Who Do You Love: A Fan by Birthright or by Choice?
Who Do You Love
I bleed green. No, I‘m not a scientist with anger issues who’s been exposed to radiation. Just a Philadelphia Eagles fan. But this isn’t about being an Eagles fan. It’s a question about fandom as a whole. Specifically, can you choose the team you root for or are you born into it? So, who do you love?
Pro Life-er: My Tribe
My father was a lifetime Eagles fan. Logical, since Philadelphia is less than an hour away and the closest professional football team. I don’t remember there being a choice for what NFL team I’d root for. Because it was expected. Because I didn’t know otherwise. Because I was born into the tribe.
The topic sprung from a discussion with a couple buddies. Just some knuckleheads talking sports. After some adult beverages, a lively discussion ensued over scars we collectively hold as Eagles fans. Scars like the Marion ‘Swamp Fox’ Campbell era, the Fog Bowl, Bryce Paup ruining the 1991 season. And Donovan McNabb vomiting during the Super Bowl. The discussion evolved to include our mutual disgust for local Cowboys fans. Because they’re frontrunners. Because they’re turncoats.
“Guys, I gotta get something off my chest.” My friend has 4 sons. That wasn’t his confession. His 3rd son is a Cowboys fan. Another buddy dropped his longneck and ran out of the garage screaming, “I don’t know who you are anymore!” Bottles shattered. Chairs overturned. Card table akimbo.
Ok, so maybe it didn’t end that way. But it spurred us on—can you choose your team? I root for all Philly teams—I am a ‘four for four’ guy. Because I am part of the tribe. Because I bleed green and don’t understand how anyone born here doesn’t. I am a life-er.
But also, because I am a closet fan of the Boston Red Sox.
Pro-Choice: The Curious Case of Cheering for the Red Sox
I moved to Boston in 1990. For college. I grew to love Boston. As a Philly sports guy, I hated the Celtics, Bruins, and Patriots. But, I grew to love the Red Sox.
Growing up, going to a Phillies game was a major affair. An hour’s drive down the PA Turnpike. Parking in a huge lot and a long walk to the big cement bowl—Veteran’s Stadium. We’d go to a game or two a year.
Living in Boston was different. Living in Boston heaven for a baseball fan. Fenway was a short ‘T’ (the Boston subway) ride—or long-ish walk—from my front door. Bleacher seats cost $9.00. I could catch a game in Baseball’s Cathedral with short notice. On a whim. When I wanted.
There were no seats on the Green Monster then. I cheered for Roger Clemens, Nomar Garciaparra, Pedro Martinez, Mo Vaughn, Mike Greenwell, et al. I drank at the Cask & Flagon before games. I owned a Yankees Suck t-shirt. But I felt like an imposter.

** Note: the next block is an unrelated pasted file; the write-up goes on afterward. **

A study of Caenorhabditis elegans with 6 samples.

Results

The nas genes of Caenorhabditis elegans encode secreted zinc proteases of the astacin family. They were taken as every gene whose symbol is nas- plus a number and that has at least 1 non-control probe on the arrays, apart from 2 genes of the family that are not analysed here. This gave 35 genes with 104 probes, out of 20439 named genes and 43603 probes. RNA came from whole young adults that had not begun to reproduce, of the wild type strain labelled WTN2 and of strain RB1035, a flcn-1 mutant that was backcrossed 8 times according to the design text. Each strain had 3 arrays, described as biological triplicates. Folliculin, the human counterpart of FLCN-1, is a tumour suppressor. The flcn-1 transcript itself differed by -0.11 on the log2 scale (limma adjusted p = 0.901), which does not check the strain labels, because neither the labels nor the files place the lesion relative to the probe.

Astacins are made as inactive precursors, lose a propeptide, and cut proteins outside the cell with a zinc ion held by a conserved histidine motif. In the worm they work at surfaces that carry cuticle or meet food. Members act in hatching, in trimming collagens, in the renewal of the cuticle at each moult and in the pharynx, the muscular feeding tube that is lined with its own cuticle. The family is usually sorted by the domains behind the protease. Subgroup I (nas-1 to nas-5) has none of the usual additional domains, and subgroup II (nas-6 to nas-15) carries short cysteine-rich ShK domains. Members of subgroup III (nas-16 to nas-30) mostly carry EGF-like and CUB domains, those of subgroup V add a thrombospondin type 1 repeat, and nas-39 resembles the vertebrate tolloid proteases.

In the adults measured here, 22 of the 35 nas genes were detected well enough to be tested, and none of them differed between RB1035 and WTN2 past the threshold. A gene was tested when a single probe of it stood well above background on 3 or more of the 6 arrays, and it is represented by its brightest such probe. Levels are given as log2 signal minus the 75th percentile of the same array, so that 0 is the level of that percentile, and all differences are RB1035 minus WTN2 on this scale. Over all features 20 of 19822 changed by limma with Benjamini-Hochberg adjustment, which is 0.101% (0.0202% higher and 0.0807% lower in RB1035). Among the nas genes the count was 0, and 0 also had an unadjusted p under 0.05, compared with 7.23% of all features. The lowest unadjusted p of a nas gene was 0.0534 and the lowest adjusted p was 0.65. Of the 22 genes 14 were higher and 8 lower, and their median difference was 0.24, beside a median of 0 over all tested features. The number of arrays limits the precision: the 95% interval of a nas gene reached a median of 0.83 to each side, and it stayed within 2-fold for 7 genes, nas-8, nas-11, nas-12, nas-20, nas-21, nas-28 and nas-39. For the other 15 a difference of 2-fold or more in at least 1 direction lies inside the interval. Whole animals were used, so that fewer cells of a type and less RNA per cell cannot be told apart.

A degree of Fan?
Of course, anyone can adopt any team. But there’s a difference. There’s a difference between being born into and choosing your tribe.
I loved the Red Sox. When I moved back to Bethlehem, PA, I remained a fan. There was a shared ethos between long-suffering Red Sox nation and me—pain, heartbreak, misery.
But I don’t hate Bucky ‘bleepin’ Dent. I remember watching the ’86 World Series and it didn’t scar me. I didn’t suffer through the ‘Curse of the Bambino.’ I didn’t continue a family legacy of being a Red Sox fan. I didn’t bear the burden of decades of heartbreak. I loved the Sox, but I felt like an imposter.
Then the Sox won the World Series. I didn’t cry. No demons were purged. I didn’t cherish the memory with any long-suffering family members or friends. I didn’t wish anyone lived long enough to see the day. I was happy. No more, no less.
And then they won again. And then something changed. The shared ethos evaporated into the ether.
Perhaps that’s the difference.
The Verdict: It Doesn’t Matter
My best friend, who’ll remain nameless, is a Redskins fan. He was born and raised 10 minutes from me. What happened? Where did it go wrong?
His parents were Israeli immigrants. They were more interested in opera than athletics. He had no family ties to any sports. He picked the ‘Skins because of John Riggins. And he liked maroon.
He lives outside DC now with his wife and kids. He still roots for the Flyers, Phillies, and Sixers. His son loves the Redskins too. But, his son loves the Nationals. And Bryce Harper. And hates the ‘Phils.
He called me wondering what happened. Where it went wrong.